Trump ‘Not Happy’ With Deal, Weighing Options for Building Wall
WASHINGTON — President Donald Trump voiced displeasure Tuesday at a border security deal struck by congressional negotiators, hinting it may not meet his requirements for constructing a wall.
“Am I happy? The answer is no, I’m not. I’m not happy,” Trump said when questioned about the agreement during a meeting of his Cabinet at the White House. He said he was still studying the details of the agreement.
But he stopped short of saying he would reject the accord, which Democrats and Republicans announced late Monday. Instead, he suggested he had other mechanisms ready to deploy to satisfy his need for border wall funding.
“I’m adding things to it,” Trump said. “It’s all going to happen, where we’re going to build a beautiful, big, strong wall.”
He also said Tuesday a government shutdown is unlikely at the end of the week, even if a funding agreement isn’t fully satisfactory.
“I don’t think you’re going to see a shutdown,” Trump said. “If you did have it, it’s the Democrats’ fault.”
The President must soon decide whether he can accept the border security deal struck by congressional negotiators that falls far short of his original demands.
The agreement, which includes $1.375 billion for a border barrier, falls well short of the $5.7 billion he originally demanded for a wall. It even falls short of the $1.6 billion included in a Senate package last year.
Still, the measure would avert another government shutdown, which polls showed Trump took the blame for last time around.
The White House says Trump is continuing to weigh his options — which still include taking executive action to secure funding for a wall.
“We’re not going to get into a conversation of what could be in this document. We want to focus on what’s actually in the document. Until we see that it’s going to be very difficult to have a conversation about what we will and won’t accept,” spokesman Hogan Gidley told reporters at the White House on Tuesday.
White House officials have a roster of options they have been weighing that would employ the President’s executive authority to secure money for a border wall. Not all would require declaring a national emergency. The President is being urged by conservatives to take executive action in conjunction with signing the compromise legislation that would avert a government shutdown.
It’s not clear which combination of actions the President might use, and the topic has been under debate for weeks. The estimates for how much each option could garner have also been under debate. The President has held nearly daily meetings with senior advisers and others to discuss his options.
Drafts of the executive orders or declarations have been circulating for weeks inside the West Wing. All have been heavily examined by the counsel’s office and the Justice Department, and most White House aides believe any executive action will prompt legal challenges.
The various options have come with differing legal outlooks, according to people familiar with the matter. There are also concerns about landowners bringing legal challenges should their land be seized for border construction using eminent domain.
Moving money from disaster relief funds is also seen as politically problematic by some senior aides.
The White House is prepared to roll out executive actions piece by piece, not necessarily all at once, once the President signs off.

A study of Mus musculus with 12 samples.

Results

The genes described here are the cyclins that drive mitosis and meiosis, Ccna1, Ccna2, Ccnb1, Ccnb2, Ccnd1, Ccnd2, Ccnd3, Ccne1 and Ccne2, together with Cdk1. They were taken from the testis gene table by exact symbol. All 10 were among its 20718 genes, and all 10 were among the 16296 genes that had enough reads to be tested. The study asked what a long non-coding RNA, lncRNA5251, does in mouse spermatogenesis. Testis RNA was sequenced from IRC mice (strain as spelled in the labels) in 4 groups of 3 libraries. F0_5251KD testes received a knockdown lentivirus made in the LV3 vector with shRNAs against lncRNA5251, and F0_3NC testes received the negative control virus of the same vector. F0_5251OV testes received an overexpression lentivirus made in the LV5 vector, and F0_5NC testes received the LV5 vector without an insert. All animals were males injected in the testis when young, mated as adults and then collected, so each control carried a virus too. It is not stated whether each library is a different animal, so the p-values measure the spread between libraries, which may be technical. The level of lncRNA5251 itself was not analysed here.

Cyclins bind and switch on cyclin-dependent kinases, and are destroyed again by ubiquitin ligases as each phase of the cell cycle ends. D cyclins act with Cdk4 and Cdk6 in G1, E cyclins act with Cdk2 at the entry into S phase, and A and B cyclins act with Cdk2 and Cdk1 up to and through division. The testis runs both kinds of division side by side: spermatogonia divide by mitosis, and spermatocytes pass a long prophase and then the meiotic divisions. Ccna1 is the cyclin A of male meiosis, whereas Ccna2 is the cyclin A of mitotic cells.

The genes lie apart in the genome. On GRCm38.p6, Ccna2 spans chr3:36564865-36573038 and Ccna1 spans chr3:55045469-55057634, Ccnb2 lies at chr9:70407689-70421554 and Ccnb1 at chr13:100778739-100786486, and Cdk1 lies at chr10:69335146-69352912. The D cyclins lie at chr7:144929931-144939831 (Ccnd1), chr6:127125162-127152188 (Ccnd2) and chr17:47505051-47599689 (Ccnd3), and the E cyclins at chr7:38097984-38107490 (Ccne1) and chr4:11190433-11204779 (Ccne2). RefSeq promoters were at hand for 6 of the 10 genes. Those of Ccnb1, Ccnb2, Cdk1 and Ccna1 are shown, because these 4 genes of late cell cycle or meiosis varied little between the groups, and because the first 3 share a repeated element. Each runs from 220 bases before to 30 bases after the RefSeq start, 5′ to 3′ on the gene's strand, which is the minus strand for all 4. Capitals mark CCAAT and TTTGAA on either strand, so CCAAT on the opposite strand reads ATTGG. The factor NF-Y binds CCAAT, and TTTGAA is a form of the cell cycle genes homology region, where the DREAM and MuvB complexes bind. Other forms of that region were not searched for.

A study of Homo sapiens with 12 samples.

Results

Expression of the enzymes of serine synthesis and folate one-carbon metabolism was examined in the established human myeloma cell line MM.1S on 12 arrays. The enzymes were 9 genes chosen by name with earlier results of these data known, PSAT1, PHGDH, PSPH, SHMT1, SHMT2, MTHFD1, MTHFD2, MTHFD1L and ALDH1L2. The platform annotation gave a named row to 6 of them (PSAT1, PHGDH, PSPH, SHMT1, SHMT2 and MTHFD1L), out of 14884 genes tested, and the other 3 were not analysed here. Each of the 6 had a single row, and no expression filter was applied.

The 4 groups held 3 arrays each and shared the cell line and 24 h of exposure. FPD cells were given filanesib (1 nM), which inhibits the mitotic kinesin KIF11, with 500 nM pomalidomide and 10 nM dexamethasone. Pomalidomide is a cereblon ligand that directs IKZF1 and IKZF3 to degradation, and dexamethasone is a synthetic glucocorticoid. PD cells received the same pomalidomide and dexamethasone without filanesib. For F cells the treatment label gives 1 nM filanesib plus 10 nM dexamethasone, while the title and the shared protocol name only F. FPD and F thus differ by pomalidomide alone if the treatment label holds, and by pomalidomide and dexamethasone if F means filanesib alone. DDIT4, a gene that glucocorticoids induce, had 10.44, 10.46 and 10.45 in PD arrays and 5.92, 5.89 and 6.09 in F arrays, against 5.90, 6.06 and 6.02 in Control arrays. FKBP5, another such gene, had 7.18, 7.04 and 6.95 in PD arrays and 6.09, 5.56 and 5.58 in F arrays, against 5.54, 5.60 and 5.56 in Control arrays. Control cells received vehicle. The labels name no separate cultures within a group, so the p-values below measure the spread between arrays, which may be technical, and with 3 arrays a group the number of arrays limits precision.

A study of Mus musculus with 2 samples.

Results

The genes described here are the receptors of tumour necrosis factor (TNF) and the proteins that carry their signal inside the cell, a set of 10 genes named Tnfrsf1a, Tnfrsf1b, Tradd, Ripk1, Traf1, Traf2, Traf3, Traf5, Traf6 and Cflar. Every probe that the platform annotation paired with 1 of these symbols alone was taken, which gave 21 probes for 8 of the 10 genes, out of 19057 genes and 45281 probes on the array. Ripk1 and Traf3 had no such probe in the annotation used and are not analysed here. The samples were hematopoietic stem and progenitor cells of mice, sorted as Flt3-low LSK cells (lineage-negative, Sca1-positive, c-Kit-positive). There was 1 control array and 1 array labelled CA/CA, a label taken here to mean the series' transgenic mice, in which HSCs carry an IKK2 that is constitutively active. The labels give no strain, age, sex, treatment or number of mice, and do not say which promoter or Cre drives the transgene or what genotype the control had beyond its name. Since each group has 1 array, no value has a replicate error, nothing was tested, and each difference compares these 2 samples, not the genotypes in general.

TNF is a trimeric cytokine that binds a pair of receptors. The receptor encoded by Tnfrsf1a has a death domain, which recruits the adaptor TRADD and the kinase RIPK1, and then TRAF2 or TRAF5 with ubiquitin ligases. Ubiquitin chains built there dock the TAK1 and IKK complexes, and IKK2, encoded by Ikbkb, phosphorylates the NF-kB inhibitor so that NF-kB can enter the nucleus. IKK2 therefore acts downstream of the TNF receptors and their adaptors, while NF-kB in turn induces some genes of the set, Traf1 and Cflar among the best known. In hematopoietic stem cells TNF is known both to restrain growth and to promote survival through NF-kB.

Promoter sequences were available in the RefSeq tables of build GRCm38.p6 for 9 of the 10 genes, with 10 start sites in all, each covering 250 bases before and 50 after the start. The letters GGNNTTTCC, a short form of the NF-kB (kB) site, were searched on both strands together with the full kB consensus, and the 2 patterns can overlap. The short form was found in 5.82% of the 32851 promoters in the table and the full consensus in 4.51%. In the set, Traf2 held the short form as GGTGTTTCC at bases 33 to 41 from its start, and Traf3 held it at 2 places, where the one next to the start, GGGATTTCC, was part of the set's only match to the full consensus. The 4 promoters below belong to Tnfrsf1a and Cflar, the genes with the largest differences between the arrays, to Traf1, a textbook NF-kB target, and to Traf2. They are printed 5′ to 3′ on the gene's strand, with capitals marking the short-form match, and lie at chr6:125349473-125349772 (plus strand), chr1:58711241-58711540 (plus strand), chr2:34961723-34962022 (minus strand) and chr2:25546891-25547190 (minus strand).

In reality, it won’t be as easy as just signing one piece of paper and being done with it. That’s what acting chief of staff Mick Mulvaney and other agency heads have been up to over the past weeks: finding pools of money they can use to fund a border wall. Some of those will be easy and some will be more difficult legally, aides familiar with the matter said.
Even as lawmakers haggled over details of their agreement, the White House had been planning behind the scenes to secure the funds unilaterally. That is partly why administration aides weren’t fazed over the weekend when reports emerged the talks had broken down.
The President’s unilateral options include:
Accessing Treasury forfeiture funds
An estimated $680 million
- Would not require the President to declare a national emergency.
- Includes unobligated funds from participating agencies that can be used to support law enforcement activities.
- After the Office of Management and Budget reviews the order, Treasury and the Department of Homeland Security would both notify Congress then wait 15 days before the funds can be obligated.
- Acquisition of land is allowed under this option.
Using USC 284 to divert some Pentagon funds for counter-narcotics
An estimated $700 million
- May not require the President to declare a national emergency, according to a CRS legal report.
- DHS must exercise a waiver to transfer counter-drug funds to construct fencing to block drug smuggling.
- DHS asks Department of Defense to assist after identifying a location where a fence is needed to block drug smuggling corridor.
Using USC 2808 to gain access to military construction funds
An estimated $3.6 billion
- Would require the President to declare a national emergency.
- Would require the use of the military.
- The President would declare border protection a Defense Department mission.
Use Army Corps civil works funds using USC 2293
An estimated $3 billion
- May require the President to declare a national emergency, but could also be used without a national emergency, according to a CRS legal report.
- The Secretary of the Army may stop or defer Army civil works projects and apply funds to help build civil defense projects essential for the national defense (Secretary of the Army makes the final determination if essential to national defense)
- The unspent funds that could be used are now designated to go toward Army Corps of Engineers projects to repair infrastructure damaged by natural disasters.